Sometimes you have to put away your past. You don’t forget it but you just need to move on to the next stage in your life. Sort of like when you finished high school football or university — you remember the good times but realize that there is a different future ahead.
The English language is complex with words carrying different meanings based on their use. These words are called “homographs.” The spelling is the same but the meaning is different. Examples would be “lie” or “tear.”
Speaking of homographs and moving on, this month, the Saskatchewan town of Tisdale decided to change its 60 year town slogan from the “Land of Rape and Honey” to “Where Opportunity Grows.”
For almost 100% of the population of Canada, rape is a terrible criminal offence. For a small sliver of the agriculture population in Western Canada, rape is (keeping this simple) a cousin of canola.
I went to Google (which has the answer for everything, according my ten year old) and searched the phrase, “what is rape?” There was not an agricultural definition on the first ten pages of search terms. (See for yourself)
Even when words have certain meanings that a certain bubble of people identify with, the remaining people outside of the bubble are left scratching their head.
Florida is known as the “sunshine state” but also is proud of the Daytona 500 at the Daytona Speedway and has the most dog racing tracks of any state in the United States.
Let’s say Florida’s slogan was “Florida – Fast Cars and Bitches”.
Would you be offended? All of the gamblers at the dog track would say, “yeah, but a bitch is a female dog, so why don’t you try and understand me?” But any reasonable person would think this fake slogan should be changed and is ridiculous based on common sense, no matter the history of the dog racing industry in Florida.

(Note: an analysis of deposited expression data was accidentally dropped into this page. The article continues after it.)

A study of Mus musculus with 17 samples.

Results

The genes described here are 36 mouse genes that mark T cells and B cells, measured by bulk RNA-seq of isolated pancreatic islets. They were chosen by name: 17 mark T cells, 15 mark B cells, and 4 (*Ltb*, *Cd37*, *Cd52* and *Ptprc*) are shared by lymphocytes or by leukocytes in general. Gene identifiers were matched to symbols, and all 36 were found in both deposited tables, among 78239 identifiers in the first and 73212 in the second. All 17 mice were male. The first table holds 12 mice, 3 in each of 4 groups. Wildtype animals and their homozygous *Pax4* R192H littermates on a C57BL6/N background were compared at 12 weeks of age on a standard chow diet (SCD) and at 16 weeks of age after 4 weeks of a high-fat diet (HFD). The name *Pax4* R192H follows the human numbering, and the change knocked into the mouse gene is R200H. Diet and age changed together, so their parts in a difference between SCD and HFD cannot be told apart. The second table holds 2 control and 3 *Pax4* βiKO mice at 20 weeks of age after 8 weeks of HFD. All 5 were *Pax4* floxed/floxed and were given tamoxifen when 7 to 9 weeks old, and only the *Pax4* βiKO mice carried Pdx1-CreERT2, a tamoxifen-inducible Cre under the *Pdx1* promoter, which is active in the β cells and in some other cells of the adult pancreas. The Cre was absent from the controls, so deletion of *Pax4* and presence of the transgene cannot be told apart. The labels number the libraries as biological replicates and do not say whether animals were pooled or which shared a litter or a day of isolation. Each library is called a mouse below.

Is canola important to the Tisdale area? Of course. No one can dispute this.
Do we even grow rape anymore? Nope. If you asked farmers they would say canola 100% of the time.
Does anyone remember a city slogan unless it becomes a bad joke? Not really. Think about Edmonton removing “City of Champions” after feeling it was jinxing the Edmonton Oilers efforts to even make the playoffs.
I asked some Tisdale residents what they think about the slogan change and a cloak of indifference crossed my screen as we texted. In one case a positive spin was put on the change.
“I was surprised how much media attention [the name change] has gotten. Maybe a good play by our town to get noticed”
Respected agriculture advocate and rancher Adrienne Ivey, who grew up on a farm near Tisdale, feels frustrated with the name change, saying it takes away the uniqueness of Tisdale and diminishes the proud heritage of agriculture in the area.
In truth, I am not sure why Tisdale didn’t just change the slogan to “the land of canola and honey,” which would of been more accurate and a little less bland than “where opportunity grows.” But, I am still going to stick to my rule that no one remembers a city slogan unless it’s a bad joke.
Agriculture is still a big deal in Tisdale. Canola still floods the landscape with its unique yellow bloom, and for the rest of the Canadian population, Tisdale might no longer be the brunt end of a bad joke that’s not even remotely funny.